JAY Z 4:44 | Grown People Music

National Blog Posting Month | Day 4

Last updated on November 9th, 2020 at 11:58 pm

Though I’ve listened toΒ plenty of rap since buying my first boombox in ’97, I’veΒ rarely heard anything representingΒ me. Sure, it’s largely Black music, but from a different narrative than my lifeΒ altogether. Middle-class. Raised in a two-parent home. Private school education, married with kidsβ€”nothing you’d want to hear about in the club. And though I foundΒ some kinship in Childish Gambino’s “Not Going Back” andΒ  Drake’s “You & The 6”, the struggle of growing up Black while lacking enough Blackness for your peers only reflectsΒ part of my identity. There’s so muchΒ more to my life!

NaBloPoMo Day 4 β€” Grown People Music β€” What I've Learned from JAY Z's 4-44 β€” Young Casey

But life isΒ full of surprises. You never knowΒ who’s going to create the work that speaks to your soul, and a former hustler from New York’s Marcy Projects would be theΒ last person I’d expect to understand me, but with his thirteenth albumΒ 4:44, I can tell you for aΒ fact that JAY ZΒ gets it. With topics like legacy, family and the constant pursuit of excellence, it’s an album speaking to everything I’m trying to build with my efforts here at the blog!

Let’s dive a little deeper.

4:44 β€” JAY Z’s FirstΒ True Foray into Grown People Music

“A man that don’t take of his family can’t be rich.”

— JAY Z, “Family Feud”,Β 4:44 (2017)

Before parenthood, I did a lot more for my sake. It feels like a distant memoryΒ now, but there was a time where my priorities were making money, hitting parties, and being the most popular kid in the room.

NaBloPoMo Day 4 β€” Grown People Music β€” What I've Learned from JAY Z's 4-44 β€” The Boys Licking Icing from Baking ToolsBut kids. Change.Β Everything. Kids give you aΒ reason to do things you wouldn’t typically want to do, and most people give upΒ everything to do it, bitter when it’s decades later, and the kids don’t appreciate the sacrifices their parents made for them.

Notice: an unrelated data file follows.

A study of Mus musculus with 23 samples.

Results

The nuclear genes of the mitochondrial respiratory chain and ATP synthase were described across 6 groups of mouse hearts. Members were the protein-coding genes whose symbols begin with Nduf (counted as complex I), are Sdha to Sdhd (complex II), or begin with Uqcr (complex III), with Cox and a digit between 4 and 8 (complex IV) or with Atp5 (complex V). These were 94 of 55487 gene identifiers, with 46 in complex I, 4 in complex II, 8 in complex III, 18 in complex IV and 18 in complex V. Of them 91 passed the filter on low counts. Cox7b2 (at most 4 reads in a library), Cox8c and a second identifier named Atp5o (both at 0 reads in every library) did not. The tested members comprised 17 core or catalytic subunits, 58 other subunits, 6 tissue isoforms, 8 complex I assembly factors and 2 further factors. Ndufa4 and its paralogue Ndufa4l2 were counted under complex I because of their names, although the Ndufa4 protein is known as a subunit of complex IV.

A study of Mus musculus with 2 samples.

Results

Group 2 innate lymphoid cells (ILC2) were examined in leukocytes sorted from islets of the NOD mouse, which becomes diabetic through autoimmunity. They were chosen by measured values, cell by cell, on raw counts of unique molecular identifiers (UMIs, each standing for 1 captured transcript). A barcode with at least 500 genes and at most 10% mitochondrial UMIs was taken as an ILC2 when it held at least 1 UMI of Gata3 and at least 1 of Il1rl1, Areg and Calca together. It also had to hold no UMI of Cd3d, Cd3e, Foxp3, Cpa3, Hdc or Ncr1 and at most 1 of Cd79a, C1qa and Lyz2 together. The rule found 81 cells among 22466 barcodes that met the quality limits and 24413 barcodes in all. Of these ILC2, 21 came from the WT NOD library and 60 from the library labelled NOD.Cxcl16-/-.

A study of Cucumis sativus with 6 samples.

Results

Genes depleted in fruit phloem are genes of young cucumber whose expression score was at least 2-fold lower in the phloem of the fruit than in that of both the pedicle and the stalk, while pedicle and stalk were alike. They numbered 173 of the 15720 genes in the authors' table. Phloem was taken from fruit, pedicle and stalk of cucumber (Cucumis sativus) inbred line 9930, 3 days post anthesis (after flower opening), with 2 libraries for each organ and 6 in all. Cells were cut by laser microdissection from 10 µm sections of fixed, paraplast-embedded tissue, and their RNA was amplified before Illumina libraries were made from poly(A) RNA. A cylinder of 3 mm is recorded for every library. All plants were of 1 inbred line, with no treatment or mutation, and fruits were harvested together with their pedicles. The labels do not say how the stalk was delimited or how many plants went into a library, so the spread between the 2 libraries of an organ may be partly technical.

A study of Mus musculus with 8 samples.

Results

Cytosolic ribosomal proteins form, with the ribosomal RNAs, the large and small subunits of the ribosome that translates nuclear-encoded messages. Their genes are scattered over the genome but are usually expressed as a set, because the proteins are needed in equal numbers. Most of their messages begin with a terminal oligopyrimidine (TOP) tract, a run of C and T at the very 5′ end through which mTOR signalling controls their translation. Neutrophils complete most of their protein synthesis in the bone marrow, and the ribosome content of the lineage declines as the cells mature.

God’s been looking out, though, making sure I can build a life reflecting many of the principles outlined inΒ 4:44β€”Black excellence. Black-owned business. Financial freedom and eschewing what’sΒ popular for whatΒ lasts. I haven’t had as much time as the Jigga Man to mull over what I’m putting into theΒ world, but I can understand thatΒ drive to leave a better world behind for one’sΒ kids. Moreso than anything I do as a Black man, blogger or the many roles I fill outside my family, myΒ singular focus is to build something for them thatΒ outlasts me.

Someday, We’re Gon’… Be Free.

Easter Weekend β€” de Bruyn Household β€” Casey and Son β€” Licking My First

You see, JAY Z’sΒ 4:44 is what I call “grown people music”β€”songs for adults who’ve embraced their responsibilities, looking toΒ be the best, so they’llΒ do the best for those who matterΒ most.

And Shawn Carter’s not perfectβ€”we see clear references to his infidelities, excesses and other mistakes onΒ 4:44β€”but who of us is? It’s the knowledge that we still need to provide as parentsβ€”flaws and allβ€”if we want to give our children better tomorrows than the lives we live today. I won’t always make the right choices and my kids won’t always like me, but as long as I’m committed to this goal no matter what… I think we’ll figure it out.

Pay it Forward.

“Legacy, legacy, legacy, legacy.
Black excellence, babyβ€”you gon’ let ’em see
Legacy, legacy, legacy, legacy.
Black excellency, baby let ’em see.”

— JAY Z, “Legacy”Β 4:44 (2017)

Greatness doesn’t develop overnight. Much of the inequity Black America faces today comes from their opportunityΒ for intergenerational growth being snatched away by severalΒ factors.

NaBloPoMo Day 4 β€” Grown People Music β€” What I've Learned from JAY Z's 4-44 β€” Carrying My Sons

Me, IΒ barely knew either of my biological grandfathers, and they dan sure didn’t leave my parents anything, but Mom and Dad scraped and scratched ’til they had something of note, and now it’s my turn to do the same. My parents gave me a leg up to shape my life by making sure I was Canadian-born, educated and marketable. They worked hard at jobs that let them pay the bills by sacrificing their dreams. I work hard to giveΒ my boys a leg up with the funding and support to be the best atΒ whatever they want to be. And whatΒ they want to do forΒ their kids? That’s entirely up to them.

But hopefully, like me, they’ll start with the tools to do somethingΒ excellent.

Thanks for reading and until the next,

–case p.

By Casey E. Palmer

Calling the Great White North his home, Caseyβ€˜s spent the last few decades in pursuit of creating killer content. From novels as a kid, comics as a teen, to blogs and photos once he could grow a beard, he’ll use whatever’s around him to create amazing stuff.

When he’s not creating, he’s parenting, exploring and trying to make life as awesome as possible for everyone around him.

Because a boring life’s not a life worth living!